20 Nov 2019

In the currently low CPI (Consumer Price Index) inflation environment, Firstrand expects the Reserve Bank (SARB) to cut interest rates by 25 basis points at its Monetary Policy Committee (MPC) meeting this week, which would lower the policy repo rate to 6.25% and prime lending rate to 9.75%.

“A cut would provide a shot in the arm for the economy, albeit small, to encourage investment through homeownership – a sector of the economy that fuels so many other inter-related industries, such as home décor stores, cleaning and garden services, childcare, and so much more,” says Goslett.

But should this cut take place, John Loos, property strategist at FNB Commercial Property Finance, says they believe it unlikely that it will materially change the “gradually correcting” trend in the commercial property market.

“We believe that current property market-related sentiment is driven less by interest rate moves and prospects at present and more by economic performance and perceived future economic growth and stability prospects,” he says.

This week’s SARB interest rate decision is not expected to change property market conditions meaningfully

“The mild fluctuations in interest rates since early-2014 appear to have made little difference to either the broad stagnating trend in economic growth trend or the broadly weakening property trend, and we wouldn’t expect this week’s expected rate reduction to make a noticeable difference either,” says Loos.

On the residential property front, Regional Director and CEO of RE/MAX of Southern Africa, Adrian Goslett, is hopeful for a 0.25% cut in interest rates at Thursday’s MPC meeting, but says many analysts predict that interest rates will remain stable, which would be a “disappointing outcome for the country”.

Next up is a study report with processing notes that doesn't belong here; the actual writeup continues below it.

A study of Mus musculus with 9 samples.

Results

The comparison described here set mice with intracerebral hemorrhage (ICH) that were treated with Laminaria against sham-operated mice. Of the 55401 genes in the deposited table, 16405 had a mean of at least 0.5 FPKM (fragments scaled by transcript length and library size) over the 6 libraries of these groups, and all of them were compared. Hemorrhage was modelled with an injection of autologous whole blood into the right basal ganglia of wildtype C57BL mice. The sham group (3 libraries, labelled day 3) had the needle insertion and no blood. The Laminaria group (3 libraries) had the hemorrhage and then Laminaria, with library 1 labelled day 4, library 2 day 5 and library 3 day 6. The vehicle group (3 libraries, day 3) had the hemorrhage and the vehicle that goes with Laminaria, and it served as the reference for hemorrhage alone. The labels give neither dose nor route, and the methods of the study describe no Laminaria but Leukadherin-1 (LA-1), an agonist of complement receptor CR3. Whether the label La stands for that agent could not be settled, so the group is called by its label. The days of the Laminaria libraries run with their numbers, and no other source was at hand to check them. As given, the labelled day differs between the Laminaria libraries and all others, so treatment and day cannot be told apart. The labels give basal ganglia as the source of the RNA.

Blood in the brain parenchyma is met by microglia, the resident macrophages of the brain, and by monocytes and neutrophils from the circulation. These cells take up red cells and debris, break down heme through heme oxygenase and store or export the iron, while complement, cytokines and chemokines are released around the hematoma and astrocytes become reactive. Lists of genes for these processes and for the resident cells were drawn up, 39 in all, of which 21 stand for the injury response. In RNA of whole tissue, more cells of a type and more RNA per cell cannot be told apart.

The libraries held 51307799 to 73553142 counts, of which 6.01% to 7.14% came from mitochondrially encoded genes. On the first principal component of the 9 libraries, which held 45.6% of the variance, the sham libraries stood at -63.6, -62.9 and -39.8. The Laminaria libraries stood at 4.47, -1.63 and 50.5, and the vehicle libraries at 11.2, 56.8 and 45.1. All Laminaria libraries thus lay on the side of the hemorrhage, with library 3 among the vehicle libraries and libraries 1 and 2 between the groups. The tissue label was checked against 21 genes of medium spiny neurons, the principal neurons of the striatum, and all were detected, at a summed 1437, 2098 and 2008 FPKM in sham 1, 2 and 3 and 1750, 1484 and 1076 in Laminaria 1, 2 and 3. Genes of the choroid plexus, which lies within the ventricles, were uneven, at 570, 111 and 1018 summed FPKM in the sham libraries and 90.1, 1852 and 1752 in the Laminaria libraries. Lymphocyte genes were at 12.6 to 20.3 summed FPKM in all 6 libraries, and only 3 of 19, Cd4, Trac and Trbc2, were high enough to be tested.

There is certainly room for the MPC to move to cut before year-end as the inflation rate has remained largely within the target range that the MPC wishes to see, says Goslett. “A cut would provide a shot in the arm for the economy, albeit small, to encourage investment through homeownership – a sector of the economy that fuels so many other inter-related industries, such as home décor stores, cleaning and garden services, childcare, and so much more.”

On a R1 million bond taken over a 20-year term, your payment would drop from R9 650 assuming current prime rate of 10%, to R9 485 at 9.75% should there be a 25 basis points cut.

Calculate what a 0.25% interest rate cut would save you

Goslett says most developed countries around the world have moved towards rate cuts recently to stimulate growth. “The interest rate gap between those developed countries and South Africa, that arguably finds itself on shaky grounds with respect to investor confidence, has widened dramatically over the last few years.

“It is not solely the responsibility of the MPC to fix the economy, but under current conditions, it surely has a role to play and could do so by dropping rates without any sort of significant risk,” says Goslett.